The 558 documents in this volume cover the period from 1 May 1816 to 18 January 1817. As heretofore, Thomas Jefferson followed current events closely. Although pleased by Napoleon’s downfall, he was dissatisfied with the political settlement that brought peace to Europe after a generation of warfare. In the short term, Jefferson expected a political upheaval in Great Britain, continued uncertainty in France, and the expulsion of Spain from its colonies in the New World. In the United States, he hailed the Federalists’ dwindling electoral prospects and welcomed the forthcoming presidential transition from James Madison to James Monroe. Jefferson also advised against the installation of an inscription commemorating the British destruction of the United States Capitol and recommended that John Trumbull be hired to execute historical paintings for the restored structure.

While contending in Virginia with an extraordinary drought and unseasonably cold weather, as well as torrential rainfall and widespread flooding, Jefferson contributed privately to the debate over amending the state constitution. In three letters to Samuel Kercheval and in notes he compiled on the same subject, he suggested a number of substantial alterations: an expanded male franchise, equal electoral districts, popular gubernatorial elections, the elimination of the Council of State, and the division of each county into wards, among others. In addition, Jefferson prepared a legal defense against the claims of the three youngest heirs of Bennett Henderson, who had decided not to confirm the sales of their Milton lands made during their minority; and he gave occasional legal advice, including an opinion on the possibility of committing perjury before a grand jury.

Jefferson grieved over the deaths of Philip Mazzei and Gouverneur Morris and complained about the burden posed by his extensive personal correspondence. He rejected requests that he sell Natural Bridge or forward advice about the internal governance of an agricultural and manufacturing society composed of expatriated Frenchmen. He also calculated the latitude of both Poplar Forest and Willis’s Mountain; endeavored unsuccessfully to obtain a competent clockmaker for Charlottesville; exchanged the last of a long series of letters with Pierre Samuel Du Pont de Nemours on education and finance; and was appointed, along with Madison and Monroe, as a visitor of Central College. As usual, sojourners flocked to Monticello. Richard Rush, George Flower, and Josephus B. Stuart left brief accounts of their stays there, while the Baron de Montlezun and Francis Hall compiled lengthy, informative accounts of Jefferson’s home, art collection, and thoughts on a wide range of subjects. The diversity in Jefferson’s correspondence is also typified by Marcus Dyson’s explanation of an underwater breathing apparatus, Eusebio Valli’s intense discussion of the causes of yellow fever, and letters with John Adams about the functions of human grief, the earthly balance between pleasure and pain, and the hypothetical question of the willingness of the two men to live their lives over again.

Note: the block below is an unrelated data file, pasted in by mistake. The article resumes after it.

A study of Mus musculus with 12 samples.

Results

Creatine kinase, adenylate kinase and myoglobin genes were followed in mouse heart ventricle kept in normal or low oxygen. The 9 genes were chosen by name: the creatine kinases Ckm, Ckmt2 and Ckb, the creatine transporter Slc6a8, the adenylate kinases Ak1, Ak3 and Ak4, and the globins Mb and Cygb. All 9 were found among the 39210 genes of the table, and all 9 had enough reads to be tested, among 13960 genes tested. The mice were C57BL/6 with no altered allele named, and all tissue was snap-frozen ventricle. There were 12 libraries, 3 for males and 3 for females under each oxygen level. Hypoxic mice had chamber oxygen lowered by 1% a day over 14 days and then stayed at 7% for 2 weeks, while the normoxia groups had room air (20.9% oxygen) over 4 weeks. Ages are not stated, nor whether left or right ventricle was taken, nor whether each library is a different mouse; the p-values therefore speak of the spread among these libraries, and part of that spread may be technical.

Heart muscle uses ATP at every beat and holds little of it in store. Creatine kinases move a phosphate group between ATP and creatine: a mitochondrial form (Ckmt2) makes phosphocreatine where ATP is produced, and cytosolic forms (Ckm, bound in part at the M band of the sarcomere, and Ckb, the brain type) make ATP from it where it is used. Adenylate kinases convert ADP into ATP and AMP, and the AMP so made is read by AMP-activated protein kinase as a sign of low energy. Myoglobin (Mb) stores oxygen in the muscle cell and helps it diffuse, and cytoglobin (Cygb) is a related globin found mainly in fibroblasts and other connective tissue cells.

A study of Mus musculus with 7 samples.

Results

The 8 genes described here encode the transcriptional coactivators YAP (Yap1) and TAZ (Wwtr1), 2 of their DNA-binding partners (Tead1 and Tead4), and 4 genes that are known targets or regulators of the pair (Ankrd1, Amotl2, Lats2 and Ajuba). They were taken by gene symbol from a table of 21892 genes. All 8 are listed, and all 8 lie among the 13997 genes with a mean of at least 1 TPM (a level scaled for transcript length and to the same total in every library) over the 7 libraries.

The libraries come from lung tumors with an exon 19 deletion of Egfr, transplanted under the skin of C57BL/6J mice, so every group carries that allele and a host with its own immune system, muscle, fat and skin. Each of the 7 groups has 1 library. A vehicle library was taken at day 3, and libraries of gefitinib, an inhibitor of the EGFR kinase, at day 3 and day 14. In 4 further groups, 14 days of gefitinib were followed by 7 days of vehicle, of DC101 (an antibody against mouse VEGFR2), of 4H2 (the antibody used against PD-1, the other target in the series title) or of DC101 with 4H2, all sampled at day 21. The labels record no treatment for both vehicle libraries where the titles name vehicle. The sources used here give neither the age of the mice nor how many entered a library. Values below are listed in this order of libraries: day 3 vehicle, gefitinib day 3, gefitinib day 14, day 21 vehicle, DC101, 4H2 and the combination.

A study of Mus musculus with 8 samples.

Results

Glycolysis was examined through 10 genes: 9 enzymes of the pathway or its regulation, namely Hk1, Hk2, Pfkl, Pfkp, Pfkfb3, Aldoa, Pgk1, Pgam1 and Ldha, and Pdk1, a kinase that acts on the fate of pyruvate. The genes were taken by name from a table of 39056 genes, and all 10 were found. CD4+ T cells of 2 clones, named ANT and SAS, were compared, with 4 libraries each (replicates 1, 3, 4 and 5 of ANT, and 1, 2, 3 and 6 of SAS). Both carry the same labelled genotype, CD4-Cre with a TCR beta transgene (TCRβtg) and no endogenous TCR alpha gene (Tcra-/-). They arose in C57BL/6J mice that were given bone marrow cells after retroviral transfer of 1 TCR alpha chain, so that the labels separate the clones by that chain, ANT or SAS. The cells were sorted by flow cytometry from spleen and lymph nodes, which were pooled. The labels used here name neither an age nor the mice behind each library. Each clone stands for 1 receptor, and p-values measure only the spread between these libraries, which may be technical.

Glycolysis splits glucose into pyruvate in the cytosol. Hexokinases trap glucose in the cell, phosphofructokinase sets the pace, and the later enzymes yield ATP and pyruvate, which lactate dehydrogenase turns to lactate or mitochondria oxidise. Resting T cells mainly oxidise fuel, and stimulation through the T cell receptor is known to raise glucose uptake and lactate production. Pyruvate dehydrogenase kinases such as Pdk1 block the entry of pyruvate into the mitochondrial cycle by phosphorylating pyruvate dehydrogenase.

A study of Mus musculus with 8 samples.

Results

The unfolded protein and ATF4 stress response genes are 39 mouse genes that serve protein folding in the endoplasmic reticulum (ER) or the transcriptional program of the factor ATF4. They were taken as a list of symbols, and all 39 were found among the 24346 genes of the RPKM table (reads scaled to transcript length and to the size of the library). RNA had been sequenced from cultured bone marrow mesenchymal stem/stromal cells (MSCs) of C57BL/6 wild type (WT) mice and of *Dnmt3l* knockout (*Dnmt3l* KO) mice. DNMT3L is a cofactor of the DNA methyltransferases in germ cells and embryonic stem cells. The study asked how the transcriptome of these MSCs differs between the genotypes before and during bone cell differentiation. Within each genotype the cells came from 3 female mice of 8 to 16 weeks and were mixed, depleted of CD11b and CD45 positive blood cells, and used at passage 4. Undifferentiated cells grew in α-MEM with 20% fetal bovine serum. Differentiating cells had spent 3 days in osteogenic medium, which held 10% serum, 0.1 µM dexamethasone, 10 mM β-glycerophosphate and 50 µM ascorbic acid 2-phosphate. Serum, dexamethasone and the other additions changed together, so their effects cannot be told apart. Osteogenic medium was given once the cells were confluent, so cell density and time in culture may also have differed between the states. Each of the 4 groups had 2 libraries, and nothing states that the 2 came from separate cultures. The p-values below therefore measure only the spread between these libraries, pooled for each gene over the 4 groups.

Books remained central to Jefferson’s life. He spent much time and energy attempting to replace many of the volumes he had sold to Congress a year earlier. Moreover, Jefferson persisted in his quest to bring both the unpublished papers arising from the Lewis and Clark Expedition and Destutt de Tracy’s Treatise on Political Economy into print, and he provided Joseph Delaplaine with biographical information about himself and Peyton Randolph (ca. 1723–75) for Delaplaine’s Repository. The artist Bass Otis executed Jefferson’s life portrait, the first of his retirement, at Monticello for use in the latter publication, and shortly thereafter the sculptor Giuseppe Valaperta modeled a miniature likeness of him in wax. Jefferson also read and suggested revisions to drafts of Louis H. Girardin’s history of Virginia and William Wirt’s biography of Patrick Henry. Francis Adrian Van der Kemp and Jefferson exchanged a number of letters about the ex-president’s syllabus on the life and teachings of Jesus, a manuscript that Van der Kemp arranged to have anonymously published in England and that inspired him to outline his own proposed book on the subject.

Religion, indeed, is an important theme in Jefferson’s 1816 correspondence. After the ailing Charles Thomson circulated the mistaken idea that Jefferson had recently converted to Christianity, the former president was subjected to a new round of questions about his spiritual beliefs. He eventually asked Delaplaine to “say nothing of my religion. it is known to my god and myself alone. it’s evidence before the world is to be sought in my life. if that has been honest and dutiful to society the religion which has regulated it cannot be a bad one.”